Exeter 2, Norwich City 1
CHRIS LAKEY It's a long way down to Exeter if you're a Norwich City fan who didn't opt to juxtapose family holiday with pre-season friendly fixture - they were the lucky ones.
It's a long way down to Exeter if you're a Norwich City fan who didn't opt to juxtapose family holiday with pre-season friendly fixture - they were the lucky ones.
Those who had to travel all the way back to Norfolk will wonder if it was worth the hassle, although they should have learned by now that travelling the length and breadth of the country to watch the first warm-up game of the summer is rarely going to extend the footballing nerve-ends.
It's a leisurely stroll, aimed at shaking off the cobwebs that training at Colney couldn't quite dislodge, the first step back on a seven-rung ladder which stops at the first game of the new season.
Darren Huckerby was left at home to ensure nothing misfires when it comes to the real thing, Dickson Etuhu had dental problems, while Mark Fotheringham's travelling arrangements came to a stop just short of the airport runway in Norwich when he was sent home to take care of some nasty blisters. And, as expected, Julien Brellier, Jon Otsemobor and keepers David Marshall and Matty Gilks have work to catch up on.
The truth is, more than a few Norwich players looked like they were still on a beach in Miami or at a roulette table in Vegas. Minds were elsewhere, bodies still trying to catch up with the demands of actually playing against 11 other blokes in different coloured shirts. That's where there are six more warm-up games, six more games which, after Wednesday at King's Lynn, step up a notch as far as degree of difficulty goes.
Grant's post-match interviews on Saturday were an indication of his feelings: had this been a competitive fixture he would have been incandescent with rage. In this instance, he was forgiving, preferring not to dwell on the defensive errors that will be punished much more severely after August 11. Preferring not to pick up on the possession that was lost, the passes that didn't find the man, the few chances that went begging.
Which goes some way to showing how Grant wanted his players to treat 'match' (incidentally, what do you reckon the chances were of this fixture being on the pre-season schedule had the two clubs not shared the same sponsor? The words nil and unlikely come to mind).
Exeter didn't mind, their muscles had been flexed on a tour through neighbouring Cornwall and they looked hungry from the start. Joe Lewis saved well from Jamie Mackie but on 11 minutes Eagle and Jason Shackell got in each other's way, allowing the ball to fall to the same player who tucked it home from the inside right channel.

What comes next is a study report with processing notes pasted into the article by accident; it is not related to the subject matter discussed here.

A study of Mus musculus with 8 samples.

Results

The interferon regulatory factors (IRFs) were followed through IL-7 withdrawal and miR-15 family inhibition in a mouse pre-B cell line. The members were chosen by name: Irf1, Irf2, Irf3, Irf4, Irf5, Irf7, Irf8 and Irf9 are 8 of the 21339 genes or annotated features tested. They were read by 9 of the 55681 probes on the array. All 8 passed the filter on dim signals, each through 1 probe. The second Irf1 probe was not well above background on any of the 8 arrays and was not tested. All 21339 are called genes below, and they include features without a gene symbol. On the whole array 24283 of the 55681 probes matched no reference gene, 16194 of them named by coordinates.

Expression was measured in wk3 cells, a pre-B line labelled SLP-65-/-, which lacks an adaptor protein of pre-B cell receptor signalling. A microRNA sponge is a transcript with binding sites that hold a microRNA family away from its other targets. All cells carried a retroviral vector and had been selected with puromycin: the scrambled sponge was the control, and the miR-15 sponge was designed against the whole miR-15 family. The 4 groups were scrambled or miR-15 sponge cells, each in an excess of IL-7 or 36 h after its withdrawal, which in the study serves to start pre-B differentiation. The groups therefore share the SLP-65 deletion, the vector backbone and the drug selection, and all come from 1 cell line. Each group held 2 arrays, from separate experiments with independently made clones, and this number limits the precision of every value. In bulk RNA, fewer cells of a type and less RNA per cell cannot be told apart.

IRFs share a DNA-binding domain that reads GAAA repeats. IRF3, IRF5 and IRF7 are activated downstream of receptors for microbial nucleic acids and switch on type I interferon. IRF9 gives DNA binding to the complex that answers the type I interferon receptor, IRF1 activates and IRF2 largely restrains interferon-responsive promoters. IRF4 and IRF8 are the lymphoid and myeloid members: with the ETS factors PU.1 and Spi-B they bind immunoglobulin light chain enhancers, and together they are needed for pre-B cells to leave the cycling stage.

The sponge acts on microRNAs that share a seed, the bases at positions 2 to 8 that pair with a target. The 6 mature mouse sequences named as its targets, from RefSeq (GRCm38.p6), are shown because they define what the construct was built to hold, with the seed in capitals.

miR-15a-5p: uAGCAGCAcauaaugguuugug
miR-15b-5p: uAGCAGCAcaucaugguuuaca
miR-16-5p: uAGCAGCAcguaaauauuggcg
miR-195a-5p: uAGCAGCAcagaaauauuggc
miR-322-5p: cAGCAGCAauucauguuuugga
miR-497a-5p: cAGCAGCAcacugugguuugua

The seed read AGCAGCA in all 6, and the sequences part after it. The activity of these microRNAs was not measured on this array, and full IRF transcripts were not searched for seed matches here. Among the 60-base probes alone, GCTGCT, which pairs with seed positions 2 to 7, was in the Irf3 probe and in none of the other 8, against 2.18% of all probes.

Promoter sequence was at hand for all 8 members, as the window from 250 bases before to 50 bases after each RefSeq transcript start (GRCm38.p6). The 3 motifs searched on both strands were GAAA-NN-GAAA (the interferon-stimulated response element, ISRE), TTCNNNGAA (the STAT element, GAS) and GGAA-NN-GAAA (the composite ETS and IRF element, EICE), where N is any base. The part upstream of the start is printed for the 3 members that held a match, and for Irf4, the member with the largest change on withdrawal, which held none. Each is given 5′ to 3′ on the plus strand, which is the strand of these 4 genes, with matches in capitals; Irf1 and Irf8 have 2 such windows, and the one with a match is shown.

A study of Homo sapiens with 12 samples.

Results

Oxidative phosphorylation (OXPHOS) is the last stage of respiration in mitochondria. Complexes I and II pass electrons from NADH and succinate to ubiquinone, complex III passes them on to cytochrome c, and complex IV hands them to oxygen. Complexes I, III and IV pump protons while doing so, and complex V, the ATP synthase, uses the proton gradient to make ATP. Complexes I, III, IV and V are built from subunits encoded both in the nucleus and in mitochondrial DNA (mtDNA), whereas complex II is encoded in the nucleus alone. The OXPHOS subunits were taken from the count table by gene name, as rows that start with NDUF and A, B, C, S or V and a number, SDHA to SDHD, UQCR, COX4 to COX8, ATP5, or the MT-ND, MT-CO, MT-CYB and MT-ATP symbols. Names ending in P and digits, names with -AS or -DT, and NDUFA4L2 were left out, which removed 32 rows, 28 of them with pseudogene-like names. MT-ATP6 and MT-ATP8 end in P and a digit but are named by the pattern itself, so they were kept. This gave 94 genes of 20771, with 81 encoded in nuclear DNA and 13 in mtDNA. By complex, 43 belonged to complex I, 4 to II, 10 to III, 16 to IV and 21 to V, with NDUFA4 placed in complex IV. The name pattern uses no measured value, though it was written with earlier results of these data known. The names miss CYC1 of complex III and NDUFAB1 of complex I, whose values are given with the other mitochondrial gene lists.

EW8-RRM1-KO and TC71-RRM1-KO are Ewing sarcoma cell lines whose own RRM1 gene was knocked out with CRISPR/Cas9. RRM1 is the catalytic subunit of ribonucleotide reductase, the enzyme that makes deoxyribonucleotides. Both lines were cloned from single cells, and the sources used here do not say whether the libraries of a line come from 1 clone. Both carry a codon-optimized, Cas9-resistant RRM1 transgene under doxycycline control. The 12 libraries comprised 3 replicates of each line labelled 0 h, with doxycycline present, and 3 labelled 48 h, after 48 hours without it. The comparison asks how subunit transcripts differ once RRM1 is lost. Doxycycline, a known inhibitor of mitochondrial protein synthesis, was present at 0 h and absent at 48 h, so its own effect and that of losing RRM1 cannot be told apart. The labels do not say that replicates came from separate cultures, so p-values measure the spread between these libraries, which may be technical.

A couple of minutes later it was 2-0, Adam Stansfield squeezing the ball home from a tight angle as the City defence dozed.
So, we'd seen how Exeter's attack was working - what about City's? It was the first sighting of Jamie Cureton in a City shirt for more than a decade and he didn't disappoint, looking livelier than ever and showing a surprising turn of pace. The brain and the feet are clearly on the same wavelength, but it was his partnership with Czech striker David Strihavka which maybe carries a lot of City's hopes this season. Strihavka needs to be given time to adjust, no one can surely deny that, but the initial signs were okay. There was a touch of the rabbit in the headlights at times, but Czech football and a pre-season at Exeter are very different animals.
Lee Croft on the right and Luke Chadwick on the left were solid enough, but Doherty and Michael Spillane in midfield isn't a partnership either a) made in heaven or, b) ever going to be seen in a competitive fixture. Had Cureton had the advantage of Youssef Safri's elegant second-half passing he might well have got his first goal for Norwich since April 1, 1995.
Strihavka had a couple of sights of goal, while Cureton might regret not taking a shot when he rounded keeper Paul Jones, preferring to square it for his new strike partner.
The scoring duties were left to Chadwick, who, on the half-hour mark, allowed an Eagle ball into the area from the left roll past him before timing his shot perfectly, the ball nestling in the far corner.
Lewis, Dion Dublin, Eagle, Spillane, Cureton and Chadwick were replaced at the break for a half in which Safri pulled all the strings. A sublime pass or two out to the flanks and some quick footwork under pressure - plus a couple of late tackles - showed us all what we'll miss should he go.
City were in the ascendancy after the break, but never really looked like scoring - Chris Brown saw an effort blocked and Andy Hughes' cross clipped the woodwork, but apart from that the highlight was Safri's deflected shot which smashed into a house over the road behind Jones' goal which brought cheers all round.
Shackell squaring up to Mackie after a late challenge suggested something was at stake, but in reality you'll have to wait for next week's Holland sojourn for things to start getting more serious.
That's when Grant will begin to ponder some of the more burning issues: who are his preferred midfield playmakers, who are his preferred strikers - and which central defender does he bring in to shore up a department which is desperately short in numbers and, therefore competition.